I have a customer with a vertical fire tube steam boiler that developed a leaking tube after only 2 years. They pulled the tube out and I was hoping someone would look at the tube and see if you know the cause. It was right at the water level. I believe it is caused by oxygen pitting. Let me know what you think.The customer said water treatment was done.
Thanks
Ray
Ray Wohlfarth
Boiler Lessons
Click here to take Ray's class.

  • EBEBRATT-EdEBEBRATT-Ed Posts: 5,967Member
    Is this high pressure steam, like a laundry or something? Do they get all the condensate back or is their a lot of make up water?

    Do they have a deiaireator?
  • RayWohlfarthRayWohlfarth Posts: 770Member
    Ebebratt Low pressure steam all condensate is returned and no dearator
    Ray Wohlfarth
    Boiler Lessons
    Click here to take Ray's class.
    Click here to buy Ray's books.
  • hot_rodhot_rod Posts: 11,785Member
    What I have been learning about water quality over the past several years is the TDS both on steam and hot water boilers is often the cause of problems like that.

    But a water quality expert should know that especially if the deal with steam specifically.

    Good info here. These folks know steam :)

    http://www.spiraxsarco.com/Resources/Pages/Steam-Engineering-Tutorials/the-boiler-house/controlling-tds-in-the-boiler-water.aspx
    Bob "hot rod" Rohr
    trainer for Caleffi NA
    The magic is in hydronics, and hydronics is in me
  • nicholas bonham-carternicholas bonham-carter Posts: 7,886Member
    edited June 2017
    What sort of "treatment was done"? In a non leaking system, with very low makeup water, the oxygen should have been driven from the system. Chemical analysis of the feed water might show some impurities which could be to blame, and in this case, a purifying filter would help.
    Maybe it was the medication which killed the patient, and not the disease!
    Large fluctuations in water level, while operating, caused by improper piping, could also thermally stress the metal.-NBC
  • RayWohlfarthRayWohlfarth Posts: 770Member
    Hot Rod Thanks Spirax Sarco has some really good info on steam. I use it for research. I know the customer have had some issues with elevated TDS. They are seeing lots of junk from the system being flushed back.

    Nicholas, they are using a combination water treatment which uses sulfite as the oxygen scavenger. The owner is upset that a two year old boiler leaked. The water treatment "expert" is throwing the boiler manufacturer and me as the rep under the bus. I think the oxygen scavenger was too low.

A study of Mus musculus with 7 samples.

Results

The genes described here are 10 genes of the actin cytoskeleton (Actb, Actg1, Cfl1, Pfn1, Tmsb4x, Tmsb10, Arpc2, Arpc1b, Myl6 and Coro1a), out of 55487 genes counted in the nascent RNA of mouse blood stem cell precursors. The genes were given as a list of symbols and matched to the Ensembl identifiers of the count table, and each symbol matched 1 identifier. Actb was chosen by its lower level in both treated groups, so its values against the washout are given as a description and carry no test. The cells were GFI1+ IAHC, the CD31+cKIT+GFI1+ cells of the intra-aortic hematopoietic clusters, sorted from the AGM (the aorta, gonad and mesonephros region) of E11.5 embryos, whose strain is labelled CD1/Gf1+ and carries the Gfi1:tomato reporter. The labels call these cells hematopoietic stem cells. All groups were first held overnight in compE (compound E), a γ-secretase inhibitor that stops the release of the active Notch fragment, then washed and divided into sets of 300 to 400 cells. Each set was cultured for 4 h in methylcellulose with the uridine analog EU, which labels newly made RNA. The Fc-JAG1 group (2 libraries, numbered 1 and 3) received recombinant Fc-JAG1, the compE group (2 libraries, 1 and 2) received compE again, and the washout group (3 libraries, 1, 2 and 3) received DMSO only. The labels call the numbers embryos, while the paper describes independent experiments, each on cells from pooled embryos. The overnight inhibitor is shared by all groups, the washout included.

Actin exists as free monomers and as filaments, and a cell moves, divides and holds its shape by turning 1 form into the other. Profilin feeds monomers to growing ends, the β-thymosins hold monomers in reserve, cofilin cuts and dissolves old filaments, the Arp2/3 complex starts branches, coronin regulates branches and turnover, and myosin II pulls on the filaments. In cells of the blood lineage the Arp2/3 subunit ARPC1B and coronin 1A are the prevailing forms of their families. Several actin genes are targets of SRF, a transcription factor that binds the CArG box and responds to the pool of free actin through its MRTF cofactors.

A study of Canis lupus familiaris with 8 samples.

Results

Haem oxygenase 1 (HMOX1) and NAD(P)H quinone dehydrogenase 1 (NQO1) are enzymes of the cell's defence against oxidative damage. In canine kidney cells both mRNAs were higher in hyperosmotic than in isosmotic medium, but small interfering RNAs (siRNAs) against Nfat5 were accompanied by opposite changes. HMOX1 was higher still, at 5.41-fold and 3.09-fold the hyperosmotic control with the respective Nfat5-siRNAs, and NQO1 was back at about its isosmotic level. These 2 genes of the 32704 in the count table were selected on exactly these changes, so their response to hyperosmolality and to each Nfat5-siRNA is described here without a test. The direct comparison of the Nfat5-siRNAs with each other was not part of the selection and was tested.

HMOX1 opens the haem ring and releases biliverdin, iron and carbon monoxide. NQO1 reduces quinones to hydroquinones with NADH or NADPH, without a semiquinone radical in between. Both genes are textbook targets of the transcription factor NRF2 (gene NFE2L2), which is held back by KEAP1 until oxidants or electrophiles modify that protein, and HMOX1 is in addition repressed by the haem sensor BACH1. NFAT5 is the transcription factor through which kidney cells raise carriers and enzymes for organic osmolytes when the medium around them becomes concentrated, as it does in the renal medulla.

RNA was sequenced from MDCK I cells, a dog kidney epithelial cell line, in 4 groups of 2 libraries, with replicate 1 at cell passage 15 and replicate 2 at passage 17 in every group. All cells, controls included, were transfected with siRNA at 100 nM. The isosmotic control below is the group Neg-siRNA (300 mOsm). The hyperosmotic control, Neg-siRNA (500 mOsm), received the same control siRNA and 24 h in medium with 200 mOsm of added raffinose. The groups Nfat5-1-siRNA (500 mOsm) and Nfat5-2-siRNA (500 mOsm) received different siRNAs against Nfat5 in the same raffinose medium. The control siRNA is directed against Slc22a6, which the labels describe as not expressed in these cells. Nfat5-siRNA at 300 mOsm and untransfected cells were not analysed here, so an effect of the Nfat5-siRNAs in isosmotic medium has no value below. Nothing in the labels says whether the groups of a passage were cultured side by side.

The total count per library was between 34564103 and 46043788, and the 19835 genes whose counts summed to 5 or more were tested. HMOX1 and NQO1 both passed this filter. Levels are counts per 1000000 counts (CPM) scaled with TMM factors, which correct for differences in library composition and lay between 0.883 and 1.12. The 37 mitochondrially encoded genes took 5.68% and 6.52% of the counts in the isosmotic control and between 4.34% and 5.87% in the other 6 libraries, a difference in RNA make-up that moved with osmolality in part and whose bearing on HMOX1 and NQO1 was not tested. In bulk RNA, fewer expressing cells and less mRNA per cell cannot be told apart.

Thanks
    Ray Wohlfarth
    Boiler Lessons
    Click here to take Ray's class.
    Click here to buy Ray's books.
  • nicholas bonham-carternicholas bonham-carter Posts: 7,886Member
    Where in the system could the oxygen have reentered once it has been boiled off? Are there significant leaks, and an auto feeder?
    Could there be any chemicals stored nearby, whose volatile fumes could have been sucked into the burner?
    An analysis of the feed water may show some bad components of the water as well.--NBC
  • hot_rodhot_rod Posts: 11,785Member
    For corrosion to happen you need the fluid, (water), and O2. Look for wherever O2 could be entering on an ongoing basis.

    Once water in a closed system is heated for a few days all the O2 is consumed in the corrosion process. It will rust or oxidize ferrous componets in that process. After that it is considered "dead" water or O2 free water.

    The classes example of O2 ingress is non barrier pex used in hydronics. Under favorable conditions, like high temperatures enough O2 can enter to start pin holing expansion tanks and corroding the system, sometimes within a year. That was the case with high temperature fin tube systems connected with the early non barrier rubber hydronic tube products.

    I suspect you have two things going on, insufficient chemical balance and high TDS water, and the high TDS could be chlorides which makes things even worse. Also low levels of O2 scavengers can cause even more aggressive corrosion attack as some metals are not sufficiently protected, while some are. Does the conditioner also have a film provider component?

    The water should be sampled at the time the problem was discovered. The evidence may be gone by now.

    I doubt that is normal for a boiler that young.

    A good lab can usually reverse engineer the cause of the failure.

    Bob "hot rod" Rohr
    trainer for Caleffi NA
    The magic is in hydronics, and hydronics is in me
  • jumperjumper Posts: 1,355Member
    Usually condensate lines rot out long before boiler tubes. If it's only one tube then most obvious suspect is the tube rather than water. Also may be coincidence that failure is near waterline. Could be a local metallurgical defect?

    Sometimes a commercial water heater lasts much longer than others of the same kind under same conditions. Metal was somehow better on that tank bottom? Manufacturers have long known that longevity statistics are a bell curve. So maybe that tube came from left side?

    When it costs you money,you want to know. But honest answer is you don't.